Nursery Rhymes invite movement and dramatic interpretation, allowing children to personalize meaning and build language concepts and vocabulary. Today my class is meeting an actress who plays Mother Goose. She performs for my students and provides them with opportunities to interact. I think it would be fairly easy to do a similar type presentation as the teacher. Someone could dress up and find a few props, say the rhymes and have the children act them out.
Boys and girls, we are going to have a special presentation today by a woman named Mother Goose. Raise your hand if you have heard of her. Who can tell me something that they know about Mother Goose? Mother Goose is famous for her nursery rhymes. Here is one that I learned when I was very young. Help me say it if you know the words. 1,2 Buckle my shoe. 3,4 Shut the door. 5,6 Pick up sticks. 7,8 Lay them straight. 9,10 A big, fat hen. Start to count all over again.
Later today, I will give you a copy of this rhyme to color and add to your poetry folders. Then you will be able to practice reading it to your families.
During this section, Mother Goose introduces herself and recites a few rhymes, using props to bring better meaning and extending the students' vocabulary. After a few more that she tells, Mother Goose calls a few students up to act out the parts. She coaches them through their actions before she asks the other children to say a rhyme with her.
Once the performance is over, I assign rhymes to each of my table groups. Together, we read each of the rhymes with the purpose of recognizing that Nursery Rhymes are a type of poetry. Some of the rhymes we acted out were "Hey Diddle Diddle", "Jack and Jill", "Jack Be Nimble"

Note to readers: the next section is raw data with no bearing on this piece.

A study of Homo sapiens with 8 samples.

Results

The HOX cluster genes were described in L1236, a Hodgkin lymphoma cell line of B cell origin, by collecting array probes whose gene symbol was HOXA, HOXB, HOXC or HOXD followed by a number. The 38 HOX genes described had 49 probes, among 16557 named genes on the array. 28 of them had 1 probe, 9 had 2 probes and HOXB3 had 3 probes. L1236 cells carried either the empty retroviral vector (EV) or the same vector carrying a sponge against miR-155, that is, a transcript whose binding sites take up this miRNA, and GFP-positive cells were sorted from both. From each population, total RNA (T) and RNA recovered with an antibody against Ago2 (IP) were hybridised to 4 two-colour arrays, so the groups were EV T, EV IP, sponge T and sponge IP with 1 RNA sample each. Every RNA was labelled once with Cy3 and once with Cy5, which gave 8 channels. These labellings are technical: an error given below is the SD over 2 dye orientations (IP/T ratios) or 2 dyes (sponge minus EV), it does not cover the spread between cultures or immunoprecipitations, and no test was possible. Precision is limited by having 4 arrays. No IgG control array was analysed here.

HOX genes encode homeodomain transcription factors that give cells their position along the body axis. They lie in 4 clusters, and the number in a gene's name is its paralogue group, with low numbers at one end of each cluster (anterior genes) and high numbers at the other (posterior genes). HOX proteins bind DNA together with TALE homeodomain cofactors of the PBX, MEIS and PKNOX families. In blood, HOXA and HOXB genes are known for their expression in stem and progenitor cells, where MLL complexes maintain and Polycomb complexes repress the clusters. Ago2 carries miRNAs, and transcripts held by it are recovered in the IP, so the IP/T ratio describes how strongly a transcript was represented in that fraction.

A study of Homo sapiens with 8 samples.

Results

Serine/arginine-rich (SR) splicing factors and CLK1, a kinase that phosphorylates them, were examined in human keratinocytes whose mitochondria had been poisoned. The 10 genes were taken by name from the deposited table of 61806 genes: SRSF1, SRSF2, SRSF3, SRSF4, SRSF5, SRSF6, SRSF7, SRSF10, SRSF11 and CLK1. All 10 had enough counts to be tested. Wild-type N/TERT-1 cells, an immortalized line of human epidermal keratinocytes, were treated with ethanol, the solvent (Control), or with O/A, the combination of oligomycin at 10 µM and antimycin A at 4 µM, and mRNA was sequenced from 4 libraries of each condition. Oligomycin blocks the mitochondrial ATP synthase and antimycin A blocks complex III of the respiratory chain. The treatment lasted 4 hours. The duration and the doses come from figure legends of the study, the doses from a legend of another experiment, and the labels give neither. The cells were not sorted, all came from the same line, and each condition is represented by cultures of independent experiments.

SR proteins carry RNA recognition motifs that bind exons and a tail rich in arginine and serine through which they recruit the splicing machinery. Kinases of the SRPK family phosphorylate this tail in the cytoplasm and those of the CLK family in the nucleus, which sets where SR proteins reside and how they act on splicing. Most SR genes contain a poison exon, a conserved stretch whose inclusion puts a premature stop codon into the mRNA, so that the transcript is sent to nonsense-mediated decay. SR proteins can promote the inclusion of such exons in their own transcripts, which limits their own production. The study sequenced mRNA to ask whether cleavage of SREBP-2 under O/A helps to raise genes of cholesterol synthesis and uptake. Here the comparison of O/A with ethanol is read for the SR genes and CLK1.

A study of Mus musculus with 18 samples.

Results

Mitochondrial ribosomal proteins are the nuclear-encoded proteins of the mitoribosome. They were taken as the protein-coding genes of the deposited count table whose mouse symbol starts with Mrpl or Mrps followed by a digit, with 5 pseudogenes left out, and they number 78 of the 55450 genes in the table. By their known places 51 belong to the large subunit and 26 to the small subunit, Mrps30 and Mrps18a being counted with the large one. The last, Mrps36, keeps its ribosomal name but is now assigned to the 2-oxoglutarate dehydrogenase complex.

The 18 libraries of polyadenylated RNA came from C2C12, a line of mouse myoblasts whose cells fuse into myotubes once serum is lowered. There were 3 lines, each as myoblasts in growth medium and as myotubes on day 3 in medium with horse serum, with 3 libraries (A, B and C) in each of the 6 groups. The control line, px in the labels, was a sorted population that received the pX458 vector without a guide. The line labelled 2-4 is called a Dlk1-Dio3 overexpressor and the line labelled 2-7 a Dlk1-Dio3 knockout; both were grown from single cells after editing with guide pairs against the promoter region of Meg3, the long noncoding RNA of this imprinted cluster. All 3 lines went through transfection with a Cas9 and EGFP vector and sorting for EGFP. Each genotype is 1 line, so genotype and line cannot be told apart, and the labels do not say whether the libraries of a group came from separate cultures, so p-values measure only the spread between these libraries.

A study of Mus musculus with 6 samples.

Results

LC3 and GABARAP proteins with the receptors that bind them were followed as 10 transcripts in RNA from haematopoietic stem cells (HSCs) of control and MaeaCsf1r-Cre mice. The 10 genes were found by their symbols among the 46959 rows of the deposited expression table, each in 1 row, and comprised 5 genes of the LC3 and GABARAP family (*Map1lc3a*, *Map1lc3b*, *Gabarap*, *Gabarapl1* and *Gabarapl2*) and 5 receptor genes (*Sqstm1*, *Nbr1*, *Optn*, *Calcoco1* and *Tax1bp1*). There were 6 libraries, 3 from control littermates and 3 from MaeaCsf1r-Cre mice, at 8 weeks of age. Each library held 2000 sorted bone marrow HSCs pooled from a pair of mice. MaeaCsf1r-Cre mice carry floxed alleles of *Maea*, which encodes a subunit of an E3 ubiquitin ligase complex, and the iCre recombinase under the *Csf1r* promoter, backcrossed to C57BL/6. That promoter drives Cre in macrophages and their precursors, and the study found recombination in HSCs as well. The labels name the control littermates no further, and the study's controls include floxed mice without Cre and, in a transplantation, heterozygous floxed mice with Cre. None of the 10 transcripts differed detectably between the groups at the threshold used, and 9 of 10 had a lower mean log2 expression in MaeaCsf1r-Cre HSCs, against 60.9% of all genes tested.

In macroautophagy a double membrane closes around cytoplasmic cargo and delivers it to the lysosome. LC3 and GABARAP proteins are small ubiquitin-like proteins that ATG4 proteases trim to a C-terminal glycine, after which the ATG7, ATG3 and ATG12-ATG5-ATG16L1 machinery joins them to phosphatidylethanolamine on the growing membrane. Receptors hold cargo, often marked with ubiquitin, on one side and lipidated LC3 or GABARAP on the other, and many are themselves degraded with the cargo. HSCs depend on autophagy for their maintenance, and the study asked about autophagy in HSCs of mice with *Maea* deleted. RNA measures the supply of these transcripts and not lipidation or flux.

Then, the children practice reading the nursery rhyme that has been assigned to them. Before they perform in front of the whole group, I have the children recite to me. This way I can listen to whether they have the words and phrasing correct and clearly stated.
Now that you have acted with Mother Goose, I am going to have you act out a nursery rhyme with your table buddies. I want to hear you say the rhyme first, before you say it to the whole class. That way I can be sure that you know the proper words.
When each group is ready, I call all children back to the rug area so that we can watcï»¿h the performances. We practice being a good audience and clap politely when each group has finished.
Boys and girls your performances were great! I really enjoyed our time listening to poetry. Since it is not very often that we have guests come to our classroom, it would be wonderful to share what we learned with Mother Goose. I will be giving you each a sheet of paper to write a thank you note to Mother Goose. In your note, you will include three things: 1. A few words of thanks. 2. What you learned from today's experience. 3. What you liked best about her visit or today's activities.
When you have done your best work and put extra effort into making a nice card, I will give them to Mother Goose. She should be able to read your writing and see a nice picture.